Is It Spring Yet?

Winter is NOT my thing.  I can’t stand being cold, I don’t like when it gets dark at 5:30 in the evening, or the dreary grey/brown that cloaks the woods behind my house, and I hate coats and gloves.  I get restless and snippy from cabin fever, and all I can think about is summer.  I get this disdain for winter from my mother…she dislikes the cold as much as I do.  We both thrive in the heat, and shiver below 70 degrees.  In our perfect world, the yard would be filled with palm and citrus trees, and our houses wouldn’t need furnaces.  “Sweater weather” would be when the temperature dares to drop to 60 degrees.

But hey, I live in Indiana, and anyone who lives in the northern half of the US must deal with the cold reality of winter.  I was born and raised here, so this is nothing new…every November I brace myself to the fact that I’m going to be cold for the next 5-6 months.  And I suffer through it, looking forward to that first little peek of green that blesses my yard in early April.  My problem is that I want to start looking for that peek of green in early January, as soon as the Christmas tree comes down.  And friends, that makes for a LONG winter.

My solution in the past has been to drown my sorrows in a sea of amaretto-laced hot chocolate, stay in my pajamas, and look at loads of pictures from my trips to the beaches of Florida and Mexico.  This year has been harder, though, and it’s BECAUSE of the beach.  My husband and I celebrated our anniversary on December 6th by taking a much-needed vacation to south Florida, our first vacation since our son was born.  We had just moved to a new town a few months before our wedding, so we never took a honeymoon…we just didn’t feel like we could get away.  Then our son was born, I became a stay-home mother, and then we REALLY couldn’t get away. But this year, we did…and it was glorious.  A whole week of sun, sand, surf, and summer clothes in December…heavenly!

Then we came home, leaving 84 degree days and warm, breezy nights in Florida for a bitter cold snap in Indiana.  When we left West Palm Beach that sad morning, it was 79 degrees at 8 am…when we landed in Indianapolis a few hours later, we were greeted with a 17 degree snowy afternoon with wind chills in the single digits.  Not good for someone who claims to have salt water in her veins, and visions of palm trees dancing in her head…the first bitter blast of cold was quite a shock after a week in the tropics.  It wasn’t particularly cold when we left Indiana, but when we came back…yikes!  And so far, this winter’s been pretty unfriendly.

So I’m faced with a choice…I can sulk away the winter (tempting, but not much fun), or I can start looking forward to spring in a proactive way.  I love to garden…my mother has two green thumbs and 8 green fingers, and can grow anything.  She’s a fearless gardener, unafraid to prune, snip or relocate her green babies as she sees fit, and it nearly always works out.  So I grew up watching her beautiful garden flourish and thrive every summer, and even now, she is 79 years old and still grows the prettiest flowers in her neighborhood.  I have very fond memories of helping her do little daily gardening tasks.  She is my inspiration – I’ve learned so much from her over the years, and our shared passion for summertime and gardening has given us a deeper bond.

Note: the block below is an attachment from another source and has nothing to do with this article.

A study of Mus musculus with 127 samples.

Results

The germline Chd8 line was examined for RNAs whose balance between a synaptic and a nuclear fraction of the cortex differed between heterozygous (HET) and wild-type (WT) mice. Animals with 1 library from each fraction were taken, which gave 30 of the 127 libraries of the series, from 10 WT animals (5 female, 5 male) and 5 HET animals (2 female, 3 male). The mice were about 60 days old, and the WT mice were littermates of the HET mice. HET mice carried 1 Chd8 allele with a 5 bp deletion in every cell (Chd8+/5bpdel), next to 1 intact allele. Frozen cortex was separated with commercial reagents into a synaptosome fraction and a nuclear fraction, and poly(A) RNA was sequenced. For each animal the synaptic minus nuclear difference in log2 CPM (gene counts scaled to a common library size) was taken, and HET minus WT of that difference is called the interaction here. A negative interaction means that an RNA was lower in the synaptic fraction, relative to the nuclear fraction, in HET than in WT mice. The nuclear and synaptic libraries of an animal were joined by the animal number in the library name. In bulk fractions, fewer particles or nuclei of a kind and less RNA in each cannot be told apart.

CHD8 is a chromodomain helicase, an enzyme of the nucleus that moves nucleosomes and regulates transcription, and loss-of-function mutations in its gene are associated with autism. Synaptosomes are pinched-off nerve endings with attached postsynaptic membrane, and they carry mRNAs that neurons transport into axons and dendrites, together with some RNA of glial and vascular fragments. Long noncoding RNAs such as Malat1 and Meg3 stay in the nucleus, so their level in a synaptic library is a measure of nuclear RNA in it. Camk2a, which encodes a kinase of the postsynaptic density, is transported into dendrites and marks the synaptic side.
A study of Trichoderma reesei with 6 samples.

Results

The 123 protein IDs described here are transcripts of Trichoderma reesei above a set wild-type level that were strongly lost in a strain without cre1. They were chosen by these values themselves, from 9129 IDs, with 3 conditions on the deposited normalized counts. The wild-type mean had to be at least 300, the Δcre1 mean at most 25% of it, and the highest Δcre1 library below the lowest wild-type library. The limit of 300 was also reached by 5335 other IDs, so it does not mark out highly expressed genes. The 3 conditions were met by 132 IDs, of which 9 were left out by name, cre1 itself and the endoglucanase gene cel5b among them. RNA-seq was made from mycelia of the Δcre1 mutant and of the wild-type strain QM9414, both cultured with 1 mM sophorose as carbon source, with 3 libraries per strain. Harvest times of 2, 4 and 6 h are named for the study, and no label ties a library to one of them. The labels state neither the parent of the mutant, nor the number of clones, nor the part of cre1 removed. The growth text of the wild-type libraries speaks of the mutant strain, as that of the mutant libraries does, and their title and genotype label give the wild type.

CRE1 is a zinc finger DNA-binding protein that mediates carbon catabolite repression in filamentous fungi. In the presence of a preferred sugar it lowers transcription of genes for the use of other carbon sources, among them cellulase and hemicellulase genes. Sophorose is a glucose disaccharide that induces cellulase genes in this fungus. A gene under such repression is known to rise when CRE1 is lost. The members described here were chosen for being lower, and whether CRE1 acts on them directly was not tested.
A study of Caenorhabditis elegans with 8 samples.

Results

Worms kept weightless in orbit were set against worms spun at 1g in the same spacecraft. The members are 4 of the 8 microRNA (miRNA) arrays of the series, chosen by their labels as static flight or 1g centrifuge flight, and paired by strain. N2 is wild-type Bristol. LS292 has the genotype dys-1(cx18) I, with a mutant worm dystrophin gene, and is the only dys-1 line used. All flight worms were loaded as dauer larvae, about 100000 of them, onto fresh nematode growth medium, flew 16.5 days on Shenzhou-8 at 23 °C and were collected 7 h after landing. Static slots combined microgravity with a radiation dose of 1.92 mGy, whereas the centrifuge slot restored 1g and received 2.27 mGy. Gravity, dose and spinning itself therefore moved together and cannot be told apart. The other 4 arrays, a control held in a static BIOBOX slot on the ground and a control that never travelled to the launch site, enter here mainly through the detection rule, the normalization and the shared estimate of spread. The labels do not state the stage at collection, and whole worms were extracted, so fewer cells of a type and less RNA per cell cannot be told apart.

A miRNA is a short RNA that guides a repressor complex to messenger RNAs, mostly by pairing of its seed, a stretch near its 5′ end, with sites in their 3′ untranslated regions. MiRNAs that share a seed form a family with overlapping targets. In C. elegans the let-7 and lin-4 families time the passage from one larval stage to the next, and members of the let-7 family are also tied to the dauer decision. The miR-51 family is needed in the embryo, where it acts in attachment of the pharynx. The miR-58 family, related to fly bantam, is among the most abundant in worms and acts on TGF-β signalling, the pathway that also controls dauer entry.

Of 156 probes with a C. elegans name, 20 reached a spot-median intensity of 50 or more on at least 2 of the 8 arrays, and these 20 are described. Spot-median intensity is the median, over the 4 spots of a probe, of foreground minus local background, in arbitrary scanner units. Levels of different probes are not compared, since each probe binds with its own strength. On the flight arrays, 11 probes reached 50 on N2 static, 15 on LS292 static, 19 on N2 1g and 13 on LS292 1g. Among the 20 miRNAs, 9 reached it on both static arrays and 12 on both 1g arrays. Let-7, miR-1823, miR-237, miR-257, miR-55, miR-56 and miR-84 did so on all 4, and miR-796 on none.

I love my flowers, yet my love of gardening has grown new tendrils over the past few years…organic vegetable gardening.  My husband and I are members of a local community garden, and the mission statement of the garden is to grow produce without the use of chemical pesticides and fertilizers.  Since joining the group two years ago, I have learned so much about the detrimental effects of chemicals and GMO crops on the environment and the human body, and have gotten very serious about growing and preserving natural foods.  In addition, I have a beautiful opportunity to instill this knowledge and love of growing our own food as naturally as possible into my young son.  I am painfully aware that many children think all food comes from a grocery store.  Many elementary school-age children can’t even tell you that french fries come from potatoes (unless, of course, you’re talking about the ones from McDonald’s…still not sure what THOSE are made of…).

So this winter, I am dealing with the cold, grey days in a different way.  I’m thinking of it as “summer prep time”.  I’m going on line and ordering heirloom, non-GMO, and organic seed catalogs (my favorite thus far is Baker Creek Heirloom Seeds, http://www.rareseeds.com), and hunkering down with them as I plan a layout for this year’s garden.  I’ll draw out my garden plot and plan my planting dates, and if I order my seeds by the end of January, I’ll have them in time to plant them in my little peat pots by early March, and put them in my portable greenhouse in a south-facing window.  Then I can spend the last 6 weeks of cold weather nurturing the little green sproutlets into healthy plants.  By May 1st, I’ll be planting them in my garden plot.

Someone once told me a joke when I was feeling stressed and overwhelmed at work:  “How do you eat and elephant?  One bite at a time.”  A silly joke, but applicable to nearly any overwhelmingly large or lengthy task…say, like, getting through an Indiana winter when you’re a summer person.  Break it down into little, manageable tasks or time blocks, and just get to the next one.  So I’m going to try that with this winter…plant the seeds, water them, water them again, and watch them grow.  And when that’s done, I can stop asking…”Is it spring yet???”